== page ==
The wonderful aroma of a warm sweet pastry is becoming commonplace at many tourist locales across Canada -- but there is nothing common about this delicious, uniquely Canadian confection. People line up for these donut like snack! Yummy! And for some reason, it's an outdoor winter treat!
Beaver tail dough:
1/2 cup warm water
5 teaspoons dry yeast
pinch of sugar
1 cup warm milk
1/3 cup sugar
1-1/2 teaspoons salt
1 teaspoon vanilla
1/3 cup oil
4 1/4 - 5 cups unbleached all-purpose flour
Oil for frying
Granulated sugar for dusting
Touch of cinnamon
INSTRUCTIONS: (For the bread machine, choose the 'Dough' program). In a large mixing bowl, stir together the yeast, warm water and pinch of sugar. Allow to stand a couple of minutes to allow yeast to swell or dissolve. Stir in remaining sugar, milk, vanilla, eggs, oil, salt, and most of flour to make soft dough. Knead 5-8 minutes (by hand or with a dough hook), adding flour as needed to form a firm, smooth, elastic dough. Place in a greased bowl. Place bowl in a plastic bag and seal. (If not using right away, you can refrigerate the dough at this point). Let rise in a covered, lightly greased bowl; about 30-40 minutes.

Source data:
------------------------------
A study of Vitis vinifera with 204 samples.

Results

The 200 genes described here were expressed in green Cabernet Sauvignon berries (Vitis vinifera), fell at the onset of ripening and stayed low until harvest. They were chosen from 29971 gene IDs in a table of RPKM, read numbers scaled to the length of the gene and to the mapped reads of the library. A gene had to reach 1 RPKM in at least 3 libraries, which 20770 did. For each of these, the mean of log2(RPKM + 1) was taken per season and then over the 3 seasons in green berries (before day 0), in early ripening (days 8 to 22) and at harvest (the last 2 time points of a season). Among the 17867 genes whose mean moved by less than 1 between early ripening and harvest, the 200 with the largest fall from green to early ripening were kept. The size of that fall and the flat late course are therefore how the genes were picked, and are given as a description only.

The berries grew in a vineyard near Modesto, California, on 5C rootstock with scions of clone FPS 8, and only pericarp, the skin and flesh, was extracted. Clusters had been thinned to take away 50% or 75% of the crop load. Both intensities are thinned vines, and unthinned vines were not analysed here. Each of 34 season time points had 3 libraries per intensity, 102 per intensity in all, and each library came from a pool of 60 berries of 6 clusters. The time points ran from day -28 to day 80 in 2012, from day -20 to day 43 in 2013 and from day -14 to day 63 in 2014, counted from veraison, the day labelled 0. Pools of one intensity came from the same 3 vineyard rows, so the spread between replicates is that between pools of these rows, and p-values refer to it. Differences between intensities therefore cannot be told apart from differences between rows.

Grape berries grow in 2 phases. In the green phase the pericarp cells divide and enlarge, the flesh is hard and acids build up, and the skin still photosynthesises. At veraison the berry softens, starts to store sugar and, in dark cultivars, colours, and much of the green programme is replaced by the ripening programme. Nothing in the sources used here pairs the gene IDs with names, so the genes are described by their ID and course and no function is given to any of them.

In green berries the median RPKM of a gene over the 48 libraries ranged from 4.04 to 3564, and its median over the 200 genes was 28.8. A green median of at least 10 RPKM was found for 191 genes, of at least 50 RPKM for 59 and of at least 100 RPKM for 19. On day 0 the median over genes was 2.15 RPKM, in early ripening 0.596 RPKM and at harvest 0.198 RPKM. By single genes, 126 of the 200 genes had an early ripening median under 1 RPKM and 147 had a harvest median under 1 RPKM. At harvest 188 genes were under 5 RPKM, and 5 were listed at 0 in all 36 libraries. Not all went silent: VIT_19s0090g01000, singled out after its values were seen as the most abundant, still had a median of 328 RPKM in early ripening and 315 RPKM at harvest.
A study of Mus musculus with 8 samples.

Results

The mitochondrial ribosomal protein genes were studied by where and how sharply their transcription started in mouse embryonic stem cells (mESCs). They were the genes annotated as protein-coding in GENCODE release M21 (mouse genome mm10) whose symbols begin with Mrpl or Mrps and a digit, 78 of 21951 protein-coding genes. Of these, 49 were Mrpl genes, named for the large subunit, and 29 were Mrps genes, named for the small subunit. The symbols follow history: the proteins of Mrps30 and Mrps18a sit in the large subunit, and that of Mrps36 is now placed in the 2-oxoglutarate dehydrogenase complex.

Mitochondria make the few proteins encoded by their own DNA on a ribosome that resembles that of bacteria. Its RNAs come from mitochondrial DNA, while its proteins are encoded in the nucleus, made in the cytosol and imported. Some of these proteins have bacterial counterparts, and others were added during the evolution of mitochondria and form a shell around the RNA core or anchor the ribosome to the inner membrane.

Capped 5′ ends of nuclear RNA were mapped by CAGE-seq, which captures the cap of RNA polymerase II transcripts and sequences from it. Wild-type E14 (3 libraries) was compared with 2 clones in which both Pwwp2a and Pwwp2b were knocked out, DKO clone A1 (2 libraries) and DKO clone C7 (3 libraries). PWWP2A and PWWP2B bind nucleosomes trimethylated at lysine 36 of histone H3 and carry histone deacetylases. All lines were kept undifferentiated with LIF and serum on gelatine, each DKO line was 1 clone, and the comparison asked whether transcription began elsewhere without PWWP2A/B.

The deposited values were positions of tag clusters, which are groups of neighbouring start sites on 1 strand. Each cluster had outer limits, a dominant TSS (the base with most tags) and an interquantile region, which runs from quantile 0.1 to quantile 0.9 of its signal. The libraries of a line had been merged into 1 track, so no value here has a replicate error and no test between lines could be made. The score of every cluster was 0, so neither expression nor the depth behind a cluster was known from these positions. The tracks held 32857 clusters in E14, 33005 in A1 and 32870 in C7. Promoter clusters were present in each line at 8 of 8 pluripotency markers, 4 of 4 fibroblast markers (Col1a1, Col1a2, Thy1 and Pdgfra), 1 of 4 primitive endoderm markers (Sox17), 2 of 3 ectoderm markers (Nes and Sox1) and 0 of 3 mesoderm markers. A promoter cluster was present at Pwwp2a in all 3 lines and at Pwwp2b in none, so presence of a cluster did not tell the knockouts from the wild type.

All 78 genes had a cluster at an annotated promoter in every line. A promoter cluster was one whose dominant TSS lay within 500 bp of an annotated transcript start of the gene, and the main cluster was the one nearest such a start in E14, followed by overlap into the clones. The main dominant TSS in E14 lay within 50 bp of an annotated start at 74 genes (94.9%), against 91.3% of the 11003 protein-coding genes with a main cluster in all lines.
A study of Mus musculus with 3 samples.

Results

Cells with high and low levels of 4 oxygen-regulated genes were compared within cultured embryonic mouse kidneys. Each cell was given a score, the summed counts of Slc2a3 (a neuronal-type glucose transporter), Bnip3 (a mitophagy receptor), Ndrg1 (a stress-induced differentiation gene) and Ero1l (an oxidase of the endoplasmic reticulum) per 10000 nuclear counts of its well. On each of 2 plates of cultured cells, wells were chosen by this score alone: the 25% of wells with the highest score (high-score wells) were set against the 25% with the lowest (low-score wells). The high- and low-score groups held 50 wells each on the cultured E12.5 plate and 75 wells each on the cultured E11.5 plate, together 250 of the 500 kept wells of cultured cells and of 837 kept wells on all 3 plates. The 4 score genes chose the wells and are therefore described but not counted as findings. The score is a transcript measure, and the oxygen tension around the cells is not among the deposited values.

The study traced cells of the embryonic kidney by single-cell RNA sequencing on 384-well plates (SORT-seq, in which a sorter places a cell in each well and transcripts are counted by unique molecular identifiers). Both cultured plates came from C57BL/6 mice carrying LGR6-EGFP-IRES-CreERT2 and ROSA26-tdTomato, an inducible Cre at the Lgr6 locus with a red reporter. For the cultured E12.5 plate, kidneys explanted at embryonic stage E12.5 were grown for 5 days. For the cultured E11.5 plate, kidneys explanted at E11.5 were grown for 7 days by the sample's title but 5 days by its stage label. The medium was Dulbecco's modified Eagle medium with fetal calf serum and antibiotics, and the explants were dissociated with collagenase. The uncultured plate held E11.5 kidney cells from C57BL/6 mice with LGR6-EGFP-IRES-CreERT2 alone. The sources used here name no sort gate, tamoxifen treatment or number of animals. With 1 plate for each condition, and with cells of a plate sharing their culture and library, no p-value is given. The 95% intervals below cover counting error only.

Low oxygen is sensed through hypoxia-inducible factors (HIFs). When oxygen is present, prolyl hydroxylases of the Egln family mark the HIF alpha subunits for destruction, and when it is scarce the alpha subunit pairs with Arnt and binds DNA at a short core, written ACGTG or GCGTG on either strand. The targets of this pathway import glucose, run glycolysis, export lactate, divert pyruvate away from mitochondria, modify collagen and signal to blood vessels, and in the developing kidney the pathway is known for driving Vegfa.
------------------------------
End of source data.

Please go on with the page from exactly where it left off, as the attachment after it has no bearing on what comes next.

Gently deflate dough. (If dough is coming out of the refrigerator, allow to warm up for about 40 minutes before proceeding). Pinch off a golf ball-sized piece of dough. Roll out into an oval and let rest, covered with a tea towel, while you are preparing the remaining dough. Heat about 4 inches of oil in fryer (a wok works best, but you can use a Dutch oven or whatever you usually use for frying). Temperature of the oil should be about 385 F. I toss in a tiny bit of dough and see if it sizzles and swells immediately. If it does, the oil temperature is where it should be. Add the beaver tails to the hot oil, about 1-2 at a time. BUT.....before you do, stretch the ovals into a tail - thinning them out and enlarging them as you do. Turn once to fry until the undersides are deep brown. Lift beaver tails out with tongs and drain on paper towels. Fill a large bowl with a few cups of white sugar. Toss beaver tails in sugar (with a little cinnamon if you wish) and shake off excess.
This recipe makes many Beaver tails.
They are also delicious with a smear of jam or apple pie filling. You can also eat it with a maple butter cream or something on - it is delicious!